Sounding like something out of the Oceans 11 movie franchise, a fish tank was used to hack into a casino and steal data.
In 2017 it was reported that an unnamed North American casino had a fish tank on its premises. Attached to the tank were sensors to monitor temperature, cleanliness and food levels.
These sensors were connected to the internet to enable automated fish feeding and maintain environmental control.
Being an internet-connected fish tank in a casino, additional security measures were in place. However this security amounted to little, as the tank was compromised by hackers who used the tanks connectivity to get into the casino’s network.
The hackers managed to shift 10GB of data to a device in Finland. Although the type of data wasn’t disclosed – 10GB of anything being stolen via a fish tank is alarming.
While the case of the great fish tank hack isn’t the first case of cybercriminals abusing the Internet of Things, and it certainly won’t be the last, it does shine a light on how everyday items can be hacked.
Hacking the Internet of Things
More and more internet-connected items are being made available for use and hackers are finding new ways to access networks and data.
Many people think that internet connectivity comes just from computers, tablets and phones, but the Internet of Things (IoT) means there are more connections than ever. Think televisions, lighting, smartwatches, fridges, elevators, air conditioners, and even cars.
IoT growth is fast paced with Forbes reporting that by 2025 there will be approximately 80 billion devices connected to the internet.
Part of this growth is coming from children using internet-connected devices, ranging from tablets, fitness trackers and even dolls and figurines that enable users to interact with online tools.
Access to these devices and toys can also be gained by cybercriminals, as much of the firmware running on these devices is not secured and vulnerable to attack. Once they infiltrate the system, cybercriminals can obtain sensitive data, or even use the device to listen, watch or communicate.
An internet-connected smart doll named My Friend Cayla was banned from sale in Germany due to hacking concerns. The doll was capable of listening to children’s conversations and responding in real time – however Germany’s telecommunications watchdog – Federal Network Agency (Bundesnetzagentur), labelled the toy a “concealed surveillance device”.
While in the United States, the Federal Bureau of Investigation (FBI) warned families in a July 2017 statement about internet-connected toys, which could present privacy and contact concerns for children.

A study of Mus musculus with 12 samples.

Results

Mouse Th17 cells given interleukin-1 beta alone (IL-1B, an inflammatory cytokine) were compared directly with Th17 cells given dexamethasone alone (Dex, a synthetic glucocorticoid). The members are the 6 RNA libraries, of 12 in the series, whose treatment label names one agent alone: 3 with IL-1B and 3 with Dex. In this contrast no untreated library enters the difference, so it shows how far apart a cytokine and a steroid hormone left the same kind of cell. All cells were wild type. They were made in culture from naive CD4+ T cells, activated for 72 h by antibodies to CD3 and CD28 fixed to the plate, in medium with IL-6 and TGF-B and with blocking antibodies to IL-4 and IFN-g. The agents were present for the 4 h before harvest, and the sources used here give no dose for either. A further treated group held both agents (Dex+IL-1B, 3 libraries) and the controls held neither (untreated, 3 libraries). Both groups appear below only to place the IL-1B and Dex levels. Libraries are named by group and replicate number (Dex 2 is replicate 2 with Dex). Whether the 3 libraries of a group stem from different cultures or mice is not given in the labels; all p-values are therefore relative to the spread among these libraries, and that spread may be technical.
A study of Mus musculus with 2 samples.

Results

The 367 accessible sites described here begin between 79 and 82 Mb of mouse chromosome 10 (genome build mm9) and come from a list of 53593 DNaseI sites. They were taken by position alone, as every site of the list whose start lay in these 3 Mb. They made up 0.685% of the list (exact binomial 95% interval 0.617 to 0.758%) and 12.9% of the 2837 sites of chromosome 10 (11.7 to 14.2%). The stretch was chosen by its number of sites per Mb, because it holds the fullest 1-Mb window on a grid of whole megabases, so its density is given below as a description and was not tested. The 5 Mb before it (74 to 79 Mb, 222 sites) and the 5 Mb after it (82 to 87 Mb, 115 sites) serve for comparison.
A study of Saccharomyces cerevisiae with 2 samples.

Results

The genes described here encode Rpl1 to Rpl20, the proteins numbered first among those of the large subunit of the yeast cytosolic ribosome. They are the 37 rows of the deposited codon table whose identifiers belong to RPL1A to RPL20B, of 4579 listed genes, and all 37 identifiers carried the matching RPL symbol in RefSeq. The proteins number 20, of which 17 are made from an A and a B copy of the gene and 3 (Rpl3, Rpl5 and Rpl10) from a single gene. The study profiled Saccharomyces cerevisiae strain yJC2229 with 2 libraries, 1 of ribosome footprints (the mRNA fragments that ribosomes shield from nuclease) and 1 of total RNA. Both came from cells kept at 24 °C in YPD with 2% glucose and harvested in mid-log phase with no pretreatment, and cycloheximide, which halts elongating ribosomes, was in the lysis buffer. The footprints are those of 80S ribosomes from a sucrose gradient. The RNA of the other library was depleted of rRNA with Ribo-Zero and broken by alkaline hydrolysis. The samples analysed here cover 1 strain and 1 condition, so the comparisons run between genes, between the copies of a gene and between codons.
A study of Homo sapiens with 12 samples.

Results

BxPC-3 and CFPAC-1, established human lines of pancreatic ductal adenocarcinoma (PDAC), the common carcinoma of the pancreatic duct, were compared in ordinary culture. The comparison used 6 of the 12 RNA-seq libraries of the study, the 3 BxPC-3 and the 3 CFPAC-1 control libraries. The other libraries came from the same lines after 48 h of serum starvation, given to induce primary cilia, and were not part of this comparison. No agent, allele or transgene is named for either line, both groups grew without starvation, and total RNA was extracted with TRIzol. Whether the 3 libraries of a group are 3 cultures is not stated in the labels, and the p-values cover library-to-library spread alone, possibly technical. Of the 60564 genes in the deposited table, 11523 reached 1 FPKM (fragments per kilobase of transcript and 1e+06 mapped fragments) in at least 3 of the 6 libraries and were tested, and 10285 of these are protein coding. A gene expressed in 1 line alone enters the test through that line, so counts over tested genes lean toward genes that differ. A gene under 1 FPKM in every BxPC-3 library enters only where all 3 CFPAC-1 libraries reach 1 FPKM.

“The FBI encourages consumers to consider cybersecurity prior to introducing smart, interactive, internet-connected toys into their homes or trusted environments.”
“Smart toys and entertainment devices for children are increasingly incorporating technologies that learn and tailor their behaviors based on user interactions.”
“These toys typically contain sensors, microphones, cameras, data storage components, and other multimedia capabilities – including speech recognition and GPS options.
“These features could put the privacy and safety of children at risk due to the large amount of personal information that may be unwittingly disclosed.”
Even more concerning is vulnerabilities exposed in internet-connected medical devices. In 2017, the U.S. Food and Drug Administration (FDA) advised of cybersecurity vulnerabilities associated with St. Jude Medical’s RF-enabled implantable cardiac pacemakers. The FDA confirmed that these vulnerabilities, if exploited, could allow an unauthorised user to access a patient’s device using commercially available equipment.
Once cybercriminals gained access to these cardiac devices, they could deplete the battery or administer incorrect pacing or shocks. The FDA said the vulnerability occurred in the transmitter that reads the device’s data and remotely shares it with physicians. Hackers could control a device by accessing its transmitter. Imagine the power this could provide cybercriminals and the fear inflicted on those exposed to the vulnerable devices.
Securing the Internet of Things
So whether it’s the latest and greatest toy, your new car or even that life saving device in your chest, consumers need to be mindful of their cybersecurity.
PC Mag has provided these four straightforward security IoT lessons that organisations and individuals should consider to protect themselves and their data:
- Devices that cannot have their software, passwords, or firmware updated should never be implemented.
- Changing the default username and password is recommended for the installation of any device on the internet.
- Passwords for IoT devices should be unique per device, especially when they are connected to the internet.
- Always patch IoT devices with the latest software and firmware to mitigate vulnerabilities.
What would a serious cybersecurity incident cost you or your organisation? Contact CyberHound today to find how our cybersecurity solutions can help.